Pierre Lienard has conducted in-depth ethnographic research amongst pastoralists of East Africa on their collective rituals, political systems, and institutions. Lienard has focused part of his research agenda on the study of individual and collective ritualized behavior — and the latter’s role in the process of symbolic evocation and the establishment of leadership and authority. He is also investigating precaution psychology, cooperation, coalitional dynamics, coordination, and trust exchange in conditions of environmental and political uncertainty in decentralized or weakly centralized systems.
Lienard’s research has systematically addressed three major topics: the study of informal institutional designs for social complexity, precaution and trust allocation in an uncertain world, and coalitional dynamics and coordination. The investigation of those research questions has required a particular framework involving ethnographic comparison between developing and developed worlds, oscillation between ethnography and experimental method, and consilience of disciplines (anthropology, evolutionary and cognitive psychologies, behavioral ecology, and institutional studies).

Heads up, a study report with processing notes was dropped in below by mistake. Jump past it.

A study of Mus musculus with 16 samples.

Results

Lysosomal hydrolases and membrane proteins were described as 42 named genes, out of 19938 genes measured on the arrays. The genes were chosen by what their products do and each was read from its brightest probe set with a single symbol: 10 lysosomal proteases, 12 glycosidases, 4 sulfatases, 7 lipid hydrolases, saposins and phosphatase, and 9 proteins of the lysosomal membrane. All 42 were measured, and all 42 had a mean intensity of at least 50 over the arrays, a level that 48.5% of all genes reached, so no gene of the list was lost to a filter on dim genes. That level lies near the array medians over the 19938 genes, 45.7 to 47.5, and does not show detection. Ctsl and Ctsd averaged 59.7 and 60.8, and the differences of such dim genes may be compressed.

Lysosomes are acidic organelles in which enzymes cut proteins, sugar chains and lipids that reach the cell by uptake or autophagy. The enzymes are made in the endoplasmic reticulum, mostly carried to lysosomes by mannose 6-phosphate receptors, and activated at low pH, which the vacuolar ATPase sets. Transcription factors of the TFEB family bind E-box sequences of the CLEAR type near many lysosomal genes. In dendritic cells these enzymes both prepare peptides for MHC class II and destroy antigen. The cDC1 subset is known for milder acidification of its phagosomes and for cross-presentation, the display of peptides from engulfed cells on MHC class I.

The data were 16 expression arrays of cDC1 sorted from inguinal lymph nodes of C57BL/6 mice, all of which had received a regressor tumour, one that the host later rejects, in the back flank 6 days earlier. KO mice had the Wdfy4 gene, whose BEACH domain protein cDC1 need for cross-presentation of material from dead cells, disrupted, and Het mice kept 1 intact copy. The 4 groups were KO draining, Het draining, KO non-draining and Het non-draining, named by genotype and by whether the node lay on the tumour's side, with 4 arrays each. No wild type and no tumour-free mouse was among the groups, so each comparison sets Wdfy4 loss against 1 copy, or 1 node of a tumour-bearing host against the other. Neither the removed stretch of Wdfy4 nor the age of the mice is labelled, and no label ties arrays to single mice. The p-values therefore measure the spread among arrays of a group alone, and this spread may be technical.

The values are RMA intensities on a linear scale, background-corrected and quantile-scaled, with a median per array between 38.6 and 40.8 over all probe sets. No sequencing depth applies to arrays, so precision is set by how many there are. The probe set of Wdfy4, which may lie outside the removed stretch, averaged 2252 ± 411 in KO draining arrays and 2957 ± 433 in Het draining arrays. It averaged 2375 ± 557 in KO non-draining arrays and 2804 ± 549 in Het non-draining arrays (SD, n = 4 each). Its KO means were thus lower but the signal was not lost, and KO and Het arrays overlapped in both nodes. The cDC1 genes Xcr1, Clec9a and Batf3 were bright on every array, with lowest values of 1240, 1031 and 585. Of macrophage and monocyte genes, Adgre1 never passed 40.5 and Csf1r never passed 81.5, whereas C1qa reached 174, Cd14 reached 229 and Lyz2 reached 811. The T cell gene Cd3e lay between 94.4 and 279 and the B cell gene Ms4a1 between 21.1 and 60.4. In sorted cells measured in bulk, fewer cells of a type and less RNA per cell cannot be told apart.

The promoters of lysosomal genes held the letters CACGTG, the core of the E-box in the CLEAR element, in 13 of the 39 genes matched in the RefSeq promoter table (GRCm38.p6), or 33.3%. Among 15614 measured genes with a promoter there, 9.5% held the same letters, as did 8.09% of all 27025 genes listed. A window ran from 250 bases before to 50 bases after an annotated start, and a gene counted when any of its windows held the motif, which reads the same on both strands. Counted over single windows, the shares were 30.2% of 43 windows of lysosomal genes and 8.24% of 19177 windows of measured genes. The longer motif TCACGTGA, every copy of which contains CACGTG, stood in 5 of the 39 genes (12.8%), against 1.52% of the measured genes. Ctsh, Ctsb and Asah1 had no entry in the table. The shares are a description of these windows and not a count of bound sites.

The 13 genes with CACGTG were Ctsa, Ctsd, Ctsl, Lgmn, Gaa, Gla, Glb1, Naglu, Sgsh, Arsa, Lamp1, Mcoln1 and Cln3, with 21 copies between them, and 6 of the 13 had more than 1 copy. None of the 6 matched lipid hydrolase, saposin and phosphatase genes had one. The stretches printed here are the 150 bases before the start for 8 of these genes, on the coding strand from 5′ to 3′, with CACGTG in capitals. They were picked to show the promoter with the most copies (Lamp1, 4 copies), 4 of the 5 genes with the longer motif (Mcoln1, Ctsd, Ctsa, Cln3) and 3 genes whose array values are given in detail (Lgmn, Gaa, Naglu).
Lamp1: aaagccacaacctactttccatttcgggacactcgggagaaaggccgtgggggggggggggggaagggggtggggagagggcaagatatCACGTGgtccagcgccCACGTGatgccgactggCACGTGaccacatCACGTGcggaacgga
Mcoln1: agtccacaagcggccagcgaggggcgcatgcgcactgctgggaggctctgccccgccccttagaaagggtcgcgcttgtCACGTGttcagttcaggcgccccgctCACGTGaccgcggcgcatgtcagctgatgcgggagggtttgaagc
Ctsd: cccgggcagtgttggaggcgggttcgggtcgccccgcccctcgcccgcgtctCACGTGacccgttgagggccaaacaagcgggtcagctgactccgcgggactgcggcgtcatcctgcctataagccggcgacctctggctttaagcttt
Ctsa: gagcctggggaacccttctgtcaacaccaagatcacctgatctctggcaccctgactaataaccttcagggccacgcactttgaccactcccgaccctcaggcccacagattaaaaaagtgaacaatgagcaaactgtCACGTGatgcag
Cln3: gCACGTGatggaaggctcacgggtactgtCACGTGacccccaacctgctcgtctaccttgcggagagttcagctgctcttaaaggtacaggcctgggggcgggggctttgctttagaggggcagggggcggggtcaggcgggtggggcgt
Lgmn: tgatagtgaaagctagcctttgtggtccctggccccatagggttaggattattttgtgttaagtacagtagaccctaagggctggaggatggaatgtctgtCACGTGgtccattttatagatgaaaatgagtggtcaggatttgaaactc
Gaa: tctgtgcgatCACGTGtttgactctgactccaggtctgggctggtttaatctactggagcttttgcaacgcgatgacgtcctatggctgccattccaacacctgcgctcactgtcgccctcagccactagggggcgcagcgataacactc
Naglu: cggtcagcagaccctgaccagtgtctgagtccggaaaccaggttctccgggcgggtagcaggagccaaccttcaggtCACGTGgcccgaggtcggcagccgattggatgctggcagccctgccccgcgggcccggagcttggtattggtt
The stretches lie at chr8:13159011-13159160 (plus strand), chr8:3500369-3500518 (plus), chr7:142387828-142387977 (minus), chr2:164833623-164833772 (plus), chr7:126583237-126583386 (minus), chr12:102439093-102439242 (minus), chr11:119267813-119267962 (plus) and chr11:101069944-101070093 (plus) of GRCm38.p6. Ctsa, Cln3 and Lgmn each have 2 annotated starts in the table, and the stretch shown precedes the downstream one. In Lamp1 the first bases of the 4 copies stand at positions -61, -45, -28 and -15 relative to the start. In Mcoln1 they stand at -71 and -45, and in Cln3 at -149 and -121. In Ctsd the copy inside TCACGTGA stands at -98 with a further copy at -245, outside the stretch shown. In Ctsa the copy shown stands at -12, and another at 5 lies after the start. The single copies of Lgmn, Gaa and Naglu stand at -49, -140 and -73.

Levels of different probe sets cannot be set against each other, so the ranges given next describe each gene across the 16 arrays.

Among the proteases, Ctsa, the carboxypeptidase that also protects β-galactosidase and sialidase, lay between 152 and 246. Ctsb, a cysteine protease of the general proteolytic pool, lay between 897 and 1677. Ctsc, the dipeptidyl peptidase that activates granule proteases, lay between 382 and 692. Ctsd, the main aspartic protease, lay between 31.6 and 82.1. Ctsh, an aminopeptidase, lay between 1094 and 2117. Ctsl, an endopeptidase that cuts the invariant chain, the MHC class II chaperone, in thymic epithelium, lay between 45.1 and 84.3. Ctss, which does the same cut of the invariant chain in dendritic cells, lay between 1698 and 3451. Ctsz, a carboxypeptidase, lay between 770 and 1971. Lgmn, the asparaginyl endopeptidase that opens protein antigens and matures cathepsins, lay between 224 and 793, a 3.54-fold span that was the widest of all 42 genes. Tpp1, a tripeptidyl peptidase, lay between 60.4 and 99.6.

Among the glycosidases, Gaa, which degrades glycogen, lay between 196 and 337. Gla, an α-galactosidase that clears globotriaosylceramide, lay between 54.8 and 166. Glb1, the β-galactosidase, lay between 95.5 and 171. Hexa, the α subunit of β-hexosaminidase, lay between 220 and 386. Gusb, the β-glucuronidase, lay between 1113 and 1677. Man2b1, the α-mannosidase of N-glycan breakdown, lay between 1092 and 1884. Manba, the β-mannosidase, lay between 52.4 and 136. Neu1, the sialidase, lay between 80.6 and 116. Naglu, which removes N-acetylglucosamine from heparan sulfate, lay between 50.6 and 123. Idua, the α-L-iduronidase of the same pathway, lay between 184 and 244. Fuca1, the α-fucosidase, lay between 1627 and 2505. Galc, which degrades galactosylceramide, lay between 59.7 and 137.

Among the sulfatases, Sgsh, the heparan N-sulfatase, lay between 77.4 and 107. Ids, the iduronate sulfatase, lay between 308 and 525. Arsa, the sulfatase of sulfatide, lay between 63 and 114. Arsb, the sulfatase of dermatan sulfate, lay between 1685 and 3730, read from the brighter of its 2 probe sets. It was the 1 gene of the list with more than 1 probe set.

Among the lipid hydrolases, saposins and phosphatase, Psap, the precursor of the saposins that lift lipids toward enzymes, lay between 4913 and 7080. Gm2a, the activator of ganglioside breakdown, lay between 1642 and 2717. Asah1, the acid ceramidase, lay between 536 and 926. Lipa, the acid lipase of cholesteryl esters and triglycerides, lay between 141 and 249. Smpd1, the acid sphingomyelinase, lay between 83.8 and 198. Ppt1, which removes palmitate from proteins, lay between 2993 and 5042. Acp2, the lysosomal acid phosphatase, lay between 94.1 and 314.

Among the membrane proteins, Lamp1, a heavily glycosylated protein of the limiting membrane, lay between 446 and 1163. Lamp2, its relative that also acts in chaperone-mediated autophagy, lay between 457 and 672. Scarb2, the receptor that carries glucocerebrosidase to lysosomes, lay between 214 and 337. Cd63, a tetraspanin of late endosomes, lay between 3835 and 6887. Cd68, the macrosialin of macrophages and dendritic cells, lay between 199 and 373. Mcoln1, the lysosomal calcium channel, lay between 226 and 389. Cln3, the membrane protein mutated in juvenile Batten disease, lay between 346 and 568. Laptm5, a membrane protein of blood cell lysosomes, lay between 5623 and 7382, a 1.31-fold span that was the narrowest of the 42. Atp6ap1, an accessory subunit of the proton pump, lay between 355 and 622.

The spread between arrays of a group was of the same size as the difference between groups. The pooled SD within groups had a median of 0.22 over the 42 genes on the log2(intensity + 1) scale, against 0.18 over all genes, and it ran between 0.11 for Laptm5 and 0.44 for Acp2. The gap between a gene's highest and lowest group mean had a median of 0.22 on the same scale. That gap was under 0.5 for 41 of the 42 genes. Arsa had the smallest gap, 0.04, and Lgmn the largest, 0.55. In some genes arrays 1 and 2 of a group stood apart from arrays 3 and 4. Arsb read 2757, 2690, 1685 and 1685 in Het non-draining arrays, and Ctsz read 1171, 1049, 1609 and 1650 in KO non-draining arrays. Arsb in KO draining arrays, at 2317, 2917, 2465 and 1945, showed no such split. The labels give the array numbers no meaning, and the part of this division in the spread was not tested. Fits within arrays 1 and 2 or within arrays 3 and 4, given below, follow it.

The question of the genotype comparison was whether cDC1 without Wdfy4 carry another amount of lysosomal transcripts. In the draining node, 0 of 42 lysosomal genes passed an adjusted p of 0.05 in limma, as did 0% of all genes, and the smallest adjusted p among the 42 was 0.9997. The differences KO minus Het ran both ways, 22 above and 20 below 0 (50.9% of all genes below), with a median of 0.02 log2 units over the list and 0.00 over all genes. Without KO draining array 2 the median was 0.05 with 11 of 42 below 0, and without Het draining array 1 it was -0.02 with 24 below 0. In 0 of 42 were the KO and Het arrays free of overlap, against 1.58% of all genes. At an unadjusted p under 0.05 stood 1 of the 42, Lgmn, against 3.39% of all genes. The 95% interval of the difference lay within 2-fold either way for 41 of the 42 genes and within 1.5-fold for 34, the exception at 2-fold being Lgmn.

Lienard has been published in high-profile publications and first-tier journals (e.g., Behavioral and Brain Sciences, American Anthropologist, Neuroscience and Biobehavioral Review, Oxford University Press, and PLoS ONE).
Ph.D. : Université Libre de Bruxelles, Belgium, Social Sciences, Anthropology (2003)
Cultural anthropology, sociocultural anthropology, social complexity, cultural evolution, decentralized social and political systems, cooperation, trust and social capital, precaution psychology, ecology of decision-making, cognition, ritualized behavior, East Africa.